Leonardo da Vinci’s painting “Christ the Savior” has just sold at auction for a record $450 million. Just to clarify, savvy reader, that’s $450 MILLION, i.e., nearly HALF A BILLION DOLLARS! For a painting. So, you know, a bargain, right? We mean … what’s the fuss?

The painting, pictured above in a photo appearing with a New York Times article, has been called “the male Mona Lisa.”

Anyway, say collecting rare and historic art is how you spend your free time, you know, when you not super busy oligarching or browsing the web for new yachts while lounging on your current yacht as it gently rocks anchored off Palma de Mallorca.

Now that you’ve bought this da Vinci you’ve got to figure out where you’re going to put it. Perhaps you have a private gallery or will make it the centerpiece of a new museum you’re going to establish. Perhaps, you’ll hide it away in a basement or in the main room of your dacha south of Moscow.

Or imagine the absolute daring cheek of mounting it on a bathroom wall, above the toilet, in your 57th-floor Manhattan condo (the south-facing one with river views, not the one you own on Central Park South).

Wherever you decide to hang your new da Vinci, you’ll need to think about it’s maintenance, the temperature and humidity of the locale, sunlight, climate control and security systems, plus  insurance and requests from various museums around the world to show as part of their exhibitions.

For sure, these are critical things you need to think about and sort out immediately, but you may actually have bigger things to worry about.

For example, like whether the painting you just spent half a billion dollars on is a fake. And how it’s terribly damaged. And how as recently as 2005, the painting was sold for as little as $10,000!!!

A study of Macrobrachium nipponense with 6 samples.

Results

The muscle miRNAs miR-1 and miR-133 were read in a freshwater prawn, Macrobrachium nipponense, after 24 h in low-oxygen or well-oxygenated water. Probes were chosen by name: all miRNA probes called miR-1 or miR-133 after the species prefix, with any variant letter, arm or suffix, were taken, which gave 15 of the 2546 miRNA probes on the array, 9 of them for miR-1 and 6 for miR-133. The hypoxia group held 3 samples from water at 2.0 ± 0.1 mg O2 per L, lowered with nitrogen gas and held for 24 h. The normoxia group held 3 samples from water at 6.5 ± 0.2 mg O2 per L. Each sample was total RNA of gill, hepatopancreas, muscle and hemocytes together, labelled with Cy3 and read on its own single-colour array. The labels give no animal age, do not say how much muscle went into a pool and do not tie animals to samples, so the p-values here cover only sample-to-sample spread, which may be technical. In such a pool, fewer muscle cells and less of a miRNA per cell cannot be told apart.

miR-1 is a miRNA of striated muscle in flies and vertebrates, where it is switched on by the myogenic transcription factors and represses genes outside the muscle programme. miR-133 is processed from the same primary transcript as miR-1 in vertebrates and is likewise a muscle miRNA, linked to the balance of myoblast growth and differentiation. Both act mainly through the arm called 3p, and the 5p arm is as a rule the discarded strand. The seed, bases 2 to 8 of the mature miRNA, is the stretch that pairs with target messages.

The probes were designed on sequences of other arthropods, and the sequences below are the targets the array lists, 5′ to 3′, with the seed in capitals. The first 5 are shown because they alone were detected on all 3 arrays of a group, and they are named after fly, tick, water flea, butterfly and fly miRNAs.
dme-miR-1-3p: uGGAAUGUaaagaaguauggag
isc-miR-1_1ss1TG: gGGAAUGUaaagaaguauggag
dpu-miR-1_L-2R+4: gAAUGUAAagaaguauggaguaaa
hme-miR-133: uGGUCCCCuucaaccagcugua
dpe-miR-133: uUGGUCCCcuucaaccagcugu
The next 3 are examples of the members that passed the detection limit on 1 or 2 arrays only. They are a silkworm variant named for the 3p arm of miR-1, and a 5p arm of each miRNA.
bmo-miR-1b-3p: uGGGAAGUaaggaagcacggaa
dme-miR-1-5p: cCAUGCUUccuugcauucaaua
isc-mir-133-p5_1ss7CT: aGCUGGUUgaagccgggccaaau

Let’s catch up on the deets as reported by the New York Times

“… many art experts argue that Christie’s used marketing window dressing to mask the baggage that comes with the Leonardo, from its compromised condition to its complicated buying history and said that the auction house put the artwork in a contemporary sale to circumvent the scrutiny of old masters experts, many of whom have questioned the painting’s authenticity and condition.

“The composition doesn’t come from Leonardo,” said Jacques Franck, a Paris-based art historian and Leonardo specialist. “He preferred twisted movement. It’s a good studio work with a little Leonardo at best, and it’s very damaged.

“But Christie’s was also slow to release an official condition report and its authenticity warranty on the Leonardo runs out in five years, as it does on all lots bought at its auctions, according to the small print in the back of its sale catalog.

“The auction house has also played down the painting’s volatile sales history.

“The artwork has been the subject of legal disputes and amassed a price history that ranges from less than $10,000 in 2005, when it was spotted at an estate auction, to $200 million when it was first offered for sale by a consortium of three dealers in 2012. But no institution besides the Dallas Museum of Art, which in 2012 made an undisclosed offer on the painting, showed public interest in buying it. Finally, in 2013, Sotheby’s sold it privately for $80 million to Yves Bouvier, a Swiss art dealer and businessman. Soon afterward, he sold it for $127.5 million, to the family trust of the Russian billionaire collector Dmitry E. Rybolovlev. Mr. Rybolovlev’s family trust was the seller on Wednesday night.”